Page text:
California Retail Food Code (Cal Code) passed in 2007 includes much more stringent requirements for individual food cart owners, including a commissary for preparing the food and larger, more expensive carts. It's always been difficult to balance the public safety of hungry, curious foodies with the need to encourage microenterprise ventures. More recently, with the increased regulations for taco trucks and food cart vendors, there are even fewer options for small food business owners to thrive and grow within a wide range of opportunities.
It's become such a challenge in California, where new immigrants and intrepid foodies rub shoulders and interests, that hot dog cart sellers have taken it upon themselves to offer free help with the health department and to translate the Cal Code into plain English (we're still waiting for the Spanish, Vietnamese and Chinese versions).
For those who don't mind eating outside the law, follow the smell of bacon and caramelized onions through the Mission district on any warm, weekend night. At its source, say in front of the Roxie on Valencia, you can taste that amazing heart-attack-in-a-bun treat imported from Los Angeles, the bacon-wrapped hotdog that's "so good it's illegal."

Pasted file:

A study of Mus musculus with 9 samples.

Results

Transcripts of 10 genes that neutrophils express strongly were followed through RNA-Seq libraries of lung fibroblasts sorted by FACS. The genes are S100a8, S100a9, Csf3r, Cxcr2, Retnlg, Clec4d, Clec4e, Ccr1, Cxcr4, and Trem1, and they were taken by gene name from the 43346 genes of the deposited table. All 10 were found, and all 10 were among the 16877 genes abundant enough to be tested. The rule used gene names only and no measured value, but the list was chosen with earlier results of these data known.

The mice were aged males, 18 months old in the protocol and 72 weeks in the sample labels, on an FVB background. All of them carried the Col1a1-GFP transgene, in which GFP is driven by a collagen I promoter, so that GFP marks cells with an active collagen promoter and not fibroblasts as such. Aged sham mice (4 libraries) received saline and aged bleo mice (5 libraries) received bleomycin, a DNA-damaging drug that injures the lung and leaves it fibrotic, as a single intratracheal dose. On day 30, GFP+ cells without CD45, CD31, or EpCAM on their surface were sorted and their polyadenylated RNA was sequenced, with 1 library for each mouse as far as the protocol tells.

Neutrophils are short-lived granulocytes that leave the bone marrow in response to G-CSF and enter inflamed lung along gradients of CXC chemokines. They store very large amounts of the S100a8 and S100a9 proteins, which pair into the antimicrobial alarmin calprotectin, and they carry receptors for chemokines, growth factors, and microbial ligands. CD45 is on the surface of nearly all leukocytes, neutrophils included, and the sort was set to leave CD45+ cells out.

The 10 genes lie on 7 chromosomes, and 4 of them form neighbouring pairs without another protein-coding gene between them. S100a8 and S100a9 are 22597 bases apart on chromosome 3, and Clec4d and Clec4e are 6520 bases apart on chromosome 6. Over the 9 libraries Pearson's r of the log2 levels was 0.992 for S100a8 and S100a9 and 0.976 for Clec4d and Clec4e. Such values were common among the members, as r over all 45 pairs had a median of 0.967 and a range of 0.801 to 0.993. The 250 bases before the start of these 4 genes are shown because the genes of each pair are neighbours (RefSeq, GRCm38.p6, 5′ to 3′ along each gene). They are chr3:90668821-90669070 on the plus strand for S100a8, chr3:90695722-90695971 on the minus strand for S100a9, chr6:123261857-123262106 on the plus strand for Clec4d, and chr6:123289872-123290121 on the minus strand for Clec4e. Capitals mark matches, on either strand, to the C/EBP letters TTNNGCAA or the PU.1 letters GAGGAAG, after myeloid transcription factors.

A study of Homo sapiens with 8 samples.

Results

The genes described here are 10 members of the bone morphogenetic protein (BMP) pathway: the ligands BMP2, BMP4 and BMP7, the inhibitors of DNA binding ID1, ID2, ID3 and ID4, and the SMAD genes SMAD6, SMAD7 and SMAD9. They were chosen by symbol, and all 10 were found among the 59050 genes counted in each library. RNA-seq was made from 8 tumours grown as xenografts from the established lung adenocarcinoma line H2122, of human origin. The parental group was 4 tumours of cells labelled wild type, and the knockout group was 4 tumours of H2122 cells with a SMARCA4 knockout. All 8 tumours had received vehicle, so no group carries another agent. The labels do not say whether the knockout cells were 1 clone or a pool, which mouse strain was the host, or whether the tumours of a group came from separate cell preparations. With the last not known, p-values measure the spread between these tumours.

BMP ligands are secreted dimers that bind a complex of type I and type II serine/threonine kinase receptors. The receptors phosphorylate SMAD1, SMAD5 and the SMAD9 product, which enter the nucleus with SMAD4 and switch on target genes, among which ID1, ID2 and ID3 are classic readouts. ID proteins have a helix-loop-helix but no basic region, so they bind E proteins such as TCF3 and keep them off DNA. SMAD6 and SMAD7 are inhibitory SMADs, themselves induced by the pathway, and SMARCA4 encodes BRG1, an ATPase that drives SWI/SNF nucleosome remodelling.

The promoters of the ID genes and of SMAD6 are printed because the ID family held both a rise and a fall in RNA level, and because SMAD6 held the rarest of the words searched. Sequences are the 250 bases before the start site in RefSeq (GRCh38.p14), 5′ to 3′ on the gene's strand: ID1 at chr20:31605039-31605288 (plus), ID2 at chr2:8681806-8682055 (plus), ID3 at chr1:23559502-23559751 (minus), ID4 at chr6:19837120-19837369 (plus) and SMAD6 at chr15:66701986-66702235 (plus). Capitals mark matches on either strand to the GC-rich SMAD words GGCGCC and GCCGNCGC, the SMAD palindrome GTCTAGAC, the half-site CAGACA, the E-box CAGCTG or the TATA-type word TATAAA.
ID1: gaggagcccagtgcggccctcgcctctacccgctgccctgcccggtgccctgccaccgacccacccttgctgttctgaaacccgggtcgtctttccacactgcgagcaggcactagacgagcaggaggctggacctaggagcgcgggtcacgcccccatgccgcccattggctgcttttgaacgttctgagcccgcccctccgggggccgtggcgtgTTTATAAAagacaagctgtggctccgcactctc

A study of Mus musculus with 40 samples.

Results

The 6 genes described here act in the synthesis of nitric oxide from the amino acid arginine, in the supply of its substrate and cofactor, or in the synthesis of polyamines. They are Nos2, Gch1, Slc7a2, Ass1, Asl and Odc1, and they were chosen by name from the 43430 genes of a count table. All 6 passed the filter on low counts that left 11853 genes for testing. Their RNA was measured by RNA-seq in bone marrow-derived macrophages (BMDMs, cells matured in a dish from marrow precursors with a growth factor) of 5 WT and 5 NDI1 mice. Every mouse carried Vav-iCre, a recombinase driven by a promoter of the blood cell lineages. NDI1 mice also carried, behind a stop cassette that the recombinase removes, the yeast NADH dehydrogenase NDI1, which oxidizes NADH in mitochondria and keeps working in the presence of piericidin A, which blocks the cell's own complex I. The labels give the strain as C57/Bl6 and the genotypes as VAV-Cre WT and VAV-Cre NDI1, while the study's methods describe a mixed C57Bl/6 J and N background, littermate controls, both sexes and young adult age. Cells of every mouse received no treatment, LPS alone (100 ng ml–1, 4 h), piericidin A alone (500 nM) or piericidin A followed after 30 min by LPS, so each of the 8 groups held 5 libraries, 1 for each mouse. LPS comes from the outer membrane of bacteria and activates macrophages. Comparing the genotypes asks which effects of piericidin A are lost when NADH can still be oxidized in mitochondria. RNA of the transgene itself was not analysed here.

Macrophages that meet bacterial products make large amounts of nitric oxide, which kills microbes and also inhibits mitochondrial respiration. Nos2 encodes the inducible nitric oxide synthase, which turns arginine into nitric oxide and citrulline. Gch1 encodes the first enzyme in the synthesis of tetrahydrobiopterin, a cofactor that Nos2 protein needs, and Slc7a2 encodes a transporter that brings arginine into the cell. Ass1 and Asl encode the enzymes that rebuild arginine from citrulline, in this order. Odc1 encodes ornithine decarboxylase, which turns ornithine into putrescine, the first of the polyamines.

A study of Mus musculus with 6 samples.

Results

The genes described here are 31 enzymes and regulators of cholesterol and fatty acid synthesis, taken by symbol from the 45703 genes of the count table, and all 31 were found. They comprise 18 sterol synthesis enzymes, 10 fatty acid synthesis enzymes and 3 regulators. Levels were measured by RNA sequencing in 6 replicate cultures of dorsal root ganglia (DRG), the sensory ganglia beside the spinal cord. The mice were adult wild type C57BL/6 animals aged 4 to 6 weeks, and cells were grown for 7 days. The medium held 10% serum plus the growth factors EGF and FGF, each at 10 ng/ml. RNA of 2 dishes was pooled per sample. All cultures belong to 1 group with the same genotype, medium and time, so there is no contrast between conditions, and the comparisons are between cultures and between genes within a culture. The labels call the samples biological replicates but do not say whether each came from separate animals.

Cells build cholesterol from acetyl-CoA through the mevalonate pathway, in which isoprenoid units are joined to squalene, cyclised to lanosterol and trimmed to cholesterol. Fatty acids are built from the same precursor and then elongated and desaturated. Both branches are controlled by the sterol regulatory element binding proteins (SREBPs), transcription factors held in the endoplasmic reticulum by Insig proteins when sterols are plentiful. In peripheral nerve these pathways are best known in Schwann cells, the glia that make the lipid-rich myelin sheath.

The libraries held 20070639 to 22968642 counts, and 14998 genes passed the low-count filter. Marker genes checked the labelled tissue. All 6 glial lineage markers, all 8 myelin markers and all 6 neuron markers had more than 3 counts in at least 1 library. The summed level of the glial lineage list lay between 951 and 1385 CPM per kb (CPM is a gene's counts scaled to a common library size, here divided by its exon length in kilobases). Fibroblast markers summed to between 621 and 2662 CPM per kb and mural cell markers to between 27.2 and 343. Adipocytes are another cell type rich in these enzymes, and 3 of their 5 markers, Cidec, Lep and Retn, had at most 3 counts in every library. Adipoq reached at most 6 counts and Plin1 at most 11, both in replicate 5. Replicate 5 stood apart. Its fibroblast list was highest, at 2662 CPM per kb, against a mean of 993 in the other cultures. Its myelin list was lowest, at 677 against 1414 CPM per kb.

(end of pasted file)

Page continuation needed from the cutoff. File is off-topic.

Happy Belly has the backing, facilities, and full resources of its restaurant partners, as do many of the vendors at our larger farmers markets, but the individual vendors have a much tougher go of making a living from our food dollars.
A truly food loving city needs to support the full range of food businesses. While we don't want pigeon poop in our suadero tacos or listeria in our banh mi, San Francisco and all its citizens are only the poorer when we offer more restrictions than support for micro-enterprises.
It's just as important to support the little cart as your local neighborhood café or downtown's fine-dining establishments. Remember that local food includes the corner carts, so be proud to support everyone in the culinary spectrum.